Whisky in Recession: Beware the Squeezed Middle
The p-word – premiumisation – has been a dominant theme for the Scotch whisky industry for the past couple of decades. But can this determination to focus on value over volume survive the looming cost of living crisis? Richard Woodard reports for WhiskyInvestDirect…
AS the world limps from catastrophe to catastrophe – Covid-19, war in Ukraine, spiralling energy costs, rising inflation and the cost-of-living crisis – Scotch whisky appears to be sailing on serenely, seemingly unaffected by all the doom and gloom.
It's reflected in the remarkable resurrection of exports recorded in 2021, when shipments recovered from the Covid-induced annus horribilis of 2020 to top £4.5bn. It's confirmed by the results of the industry's two leading players for the year to June: Diageo's Scotch sales up 29%, spearheaded by Johnnie Walker's 34% revenue hike; Chivas Brothers up 25%, with emerging markets and Ballantine's to the fore.
While blended Scotch continues to dominate global volumes, single malt is the big story when it comes to accentuating value. Nowhere is this more evident than in the US, where malts have bounced back from Trump's import tariffs and Covid lockdowns – and could well shift more than 2m cases in 2022.
All of this feeds into the long-term narrative of Scotch's transformation from working person's drink to aspirational lifestyle accessory and affordable (sometimes not so affordable) luxury.
But the positive numbers recorded above are historic, predating the worst effects of the macroeconomic challenges facing the world. Amid the current pincer movement – rising costs for producers, falling disposable incomes for consumers – will the premiumisation momentum shift into reverse?
Iain Weir, brand director at Ian Macleod Distillers, isn't so sure. He says: "Obviously those markets less affected by economic headwinds will likely be more resilient – those who have access to lower-cost energy resources – but I do expect the premium-and-above Scotch market to hold up globally as consumers drink less but better."
Weir's comments are in line with long-term consumer trends identified by research organisations such as the IWSR: a squeeze on incomes is bound to make people think twice about discretionary expenditure (and a bottle of Scotch is clearly that), but they may well choose to spend the same amount of money less frequently, rather than trading down to cheaper products.
That might be the general picture, but there's a world of nuance for an industry of Scotch whisky's scale. You might think that high-end single malt in crystal decanters would be the first casualty of economic headwinds, but history suggests the opposite: the super-rich tend to stay super-rich in a recession, and they don't tend to stop spending.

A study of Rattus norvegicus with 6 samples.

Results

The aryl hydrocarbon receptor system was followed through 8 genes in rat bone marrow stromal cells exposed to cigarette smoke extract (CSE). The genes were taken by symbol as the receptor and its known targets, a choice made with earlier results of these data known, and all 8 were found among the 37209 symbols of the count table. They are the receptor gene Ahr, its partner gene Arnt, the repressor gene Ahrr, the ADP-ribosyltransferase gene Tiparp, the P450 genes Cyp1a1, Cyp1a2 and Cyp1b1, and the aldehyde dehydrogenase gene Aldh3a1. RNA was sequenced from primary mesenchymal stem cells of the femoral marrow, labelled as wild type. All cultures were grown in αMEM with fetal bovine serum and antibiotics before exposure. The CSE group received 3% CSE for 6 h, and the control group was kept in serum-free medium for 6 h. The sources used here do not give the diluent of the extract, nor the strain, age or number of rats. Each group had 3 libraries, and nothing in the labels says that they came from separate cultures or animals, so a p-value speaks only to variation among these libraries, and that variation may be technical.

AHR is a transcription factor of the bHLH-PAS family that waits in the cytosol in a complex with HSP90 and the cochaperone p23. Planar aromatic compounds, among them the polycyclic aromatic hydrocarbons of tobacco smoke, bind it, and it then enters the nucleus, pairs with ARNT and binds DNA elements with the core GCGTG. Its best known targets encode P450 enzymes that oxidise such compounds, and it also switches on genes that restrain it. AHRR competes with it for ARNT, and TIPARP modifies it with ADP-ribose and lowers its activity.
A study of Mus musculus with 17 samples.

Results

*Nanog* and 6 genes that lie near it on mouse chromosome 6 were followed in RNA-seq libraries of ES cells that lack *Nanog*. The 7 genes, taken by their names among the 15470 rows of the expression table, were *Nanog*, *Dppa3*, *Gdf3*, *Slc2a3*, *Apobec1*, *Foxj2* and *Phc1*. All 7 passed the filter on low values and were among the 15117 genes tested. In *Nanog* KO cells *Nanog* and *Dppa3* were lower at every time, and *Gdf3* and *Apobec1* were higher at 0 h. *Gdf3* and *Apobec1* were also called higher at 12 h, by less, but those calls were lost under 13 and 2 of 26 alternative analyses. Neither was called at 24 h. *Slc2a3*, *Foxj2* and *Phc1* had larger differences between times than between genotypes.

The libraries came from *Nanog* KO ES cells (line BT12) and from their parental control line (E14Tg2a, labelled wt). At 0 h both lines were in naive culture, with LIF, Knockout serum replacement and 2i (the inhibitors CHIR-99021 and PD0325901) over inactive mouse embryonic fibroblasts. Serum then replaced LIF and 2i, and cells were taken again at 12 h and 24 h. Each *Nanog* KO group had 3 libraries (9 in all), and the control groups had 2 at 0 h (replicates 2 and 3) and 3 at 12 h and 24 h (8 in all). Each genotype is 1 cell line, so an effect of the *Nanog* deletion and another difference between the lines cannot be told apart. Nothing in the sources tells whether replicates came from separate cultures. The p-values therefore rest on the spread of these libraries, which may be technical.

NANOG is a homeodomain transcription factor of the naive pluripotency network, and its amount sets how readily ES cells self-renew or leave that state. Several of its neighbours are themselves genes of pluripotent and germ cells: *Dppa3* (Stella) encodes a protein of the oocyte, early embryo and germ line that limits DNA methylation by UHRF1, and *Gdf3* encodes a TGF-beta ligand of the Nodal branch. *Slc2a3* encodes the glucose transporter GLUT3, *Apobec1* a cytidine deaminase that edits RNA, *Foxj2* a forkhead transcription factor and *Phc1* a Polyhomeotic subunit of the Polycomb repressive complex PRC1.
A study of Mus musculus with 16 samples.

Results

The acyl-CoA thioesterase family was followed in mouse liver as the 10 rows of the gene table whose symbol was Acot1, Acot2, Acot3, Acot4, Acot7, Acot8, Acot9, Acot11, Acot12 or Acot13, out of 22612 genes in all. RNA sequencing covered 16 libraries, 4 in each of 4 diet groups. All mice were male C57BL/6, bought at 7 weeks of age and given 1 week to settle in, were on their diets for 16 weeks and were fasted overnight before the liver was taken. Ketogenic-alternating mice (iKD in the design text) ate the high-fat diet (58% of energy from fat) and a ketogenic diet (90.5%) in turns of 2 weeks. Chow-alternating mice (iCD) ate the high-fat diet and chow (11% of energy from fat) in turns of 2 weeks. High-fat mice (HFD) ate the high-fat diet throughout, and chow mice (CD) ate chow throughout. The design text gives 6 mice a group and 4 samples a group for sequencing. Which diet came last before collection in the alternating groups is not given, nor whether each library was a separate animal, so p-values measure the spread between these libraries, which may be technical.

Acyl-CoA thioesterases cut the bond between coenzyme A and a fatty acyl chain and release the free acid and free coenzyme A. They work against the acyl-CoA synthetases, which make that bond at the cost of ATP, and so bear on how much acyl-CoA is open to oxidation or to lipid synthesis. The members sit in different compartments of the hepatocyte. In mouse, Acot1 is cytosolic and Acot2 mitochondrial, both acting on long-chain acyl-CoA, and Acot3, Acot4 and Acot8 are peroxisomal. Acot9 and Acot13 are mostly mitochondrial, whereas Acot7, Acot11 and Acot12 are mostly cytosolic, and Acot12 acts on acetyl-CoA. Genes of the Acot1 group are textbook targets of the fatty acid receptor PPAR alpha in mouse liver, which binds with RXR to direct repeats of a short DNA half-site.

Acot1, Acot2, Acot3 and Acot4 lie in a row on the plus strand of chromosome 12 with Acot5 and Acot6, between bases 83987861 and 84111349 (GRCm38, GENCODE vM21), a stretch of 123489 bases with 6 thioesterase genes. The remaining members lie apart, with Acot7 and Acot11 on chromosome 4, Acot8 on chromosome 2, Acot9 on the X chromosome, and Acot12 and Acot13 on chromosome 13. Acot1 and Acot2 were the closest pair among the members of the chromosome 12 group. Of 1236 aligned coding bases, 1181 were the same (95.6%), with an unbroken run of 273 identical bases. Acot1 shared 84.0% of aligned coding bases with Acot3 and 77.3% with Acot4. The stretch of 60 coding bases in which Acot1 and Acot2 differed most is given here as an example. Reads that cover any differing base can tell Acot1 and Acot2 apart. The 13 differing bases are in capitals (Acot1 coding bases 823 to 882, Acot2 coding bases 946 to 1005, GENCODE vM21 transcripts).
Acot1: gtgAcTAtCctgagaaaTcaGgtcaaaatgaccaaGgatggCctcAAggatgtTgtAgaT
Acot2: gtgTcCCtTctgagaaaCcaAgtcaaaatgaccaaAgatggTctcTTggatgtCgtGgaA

Instead, the pressure is on premium blends and malts – the mid-priced products that bridge the gap between the entry level and the super-premium. This pressure is accentuated by the rising costs that producers currently face, which make price rises all but inevitable.
Weir acknowledges that Ian Macleod is putting up prices where it has to, but stresses the importance of doing so "in a disciplined, controlled, reasonable and justifiable manner" so as not to scare the customer. The company has also always been canny enough to spread its market risk with a broad portfolio that ranges from value blends such as King Robert II to higher-value single malts Glengoyne and Tamdhu.
"I think the mid-priced products are likely the most vulnerable as consumers polarise up or down," says Weir. "I expect that the market will polarise between lower-priced and higher-priced products, with a squeeze on the middle."
Will this squeezed middle threaten premiumisation? In the short term, it may interrupt its flow, but past experience suggests that underlying consumer trends will remain positive for Scotch. Once spending power returns, premiumisation will resume.
In the meantime, companies have a number of tools to help them navigate difficult times, not least what some call the "vertical stretch" of Scotch whisky: the fact that you can spend anything from £12.50 to many thousands of pounds on a bottle of the same product.
That gives Scotch a huge amount of flex in terms of its consumer offer, and is the reason why a company the size of Diageo still has apparently unglamorous blends such as VAT 69 or Black & White on its books. The scale of these multinationals also gives them a number of levers to mitigate against rising costs, such as operational efficiencies and revenue growth management.
But these are short-term measures to address a short-term crisis. Beneath the worrying headlines, Scotch whisky remains a hugely aspirational product to many millions of consumers around the world – a perception that is only enhanced by investments such as the £185m spent by Diageo on its Johnnie Walker brand homes in Scotland.
As others follow Diageo's lead – as they surely will – and businesses continue to invest millions of marketing dollars to expand Scotch's global audience, the desired result for the industry is twofold: attracting new consumers to enter the category and, once they do, persuading them to spend just a little bit more on a bottle of Scotch in the future.
Richard Woodard has been writing about spirits and wine for 20 years, editing and contributing to a number of magazines and websites, including Decanter, The Spirits Business, just-drinks.com and Club Oenologique. He was also one of the founding editors of Scotchwhisky.com.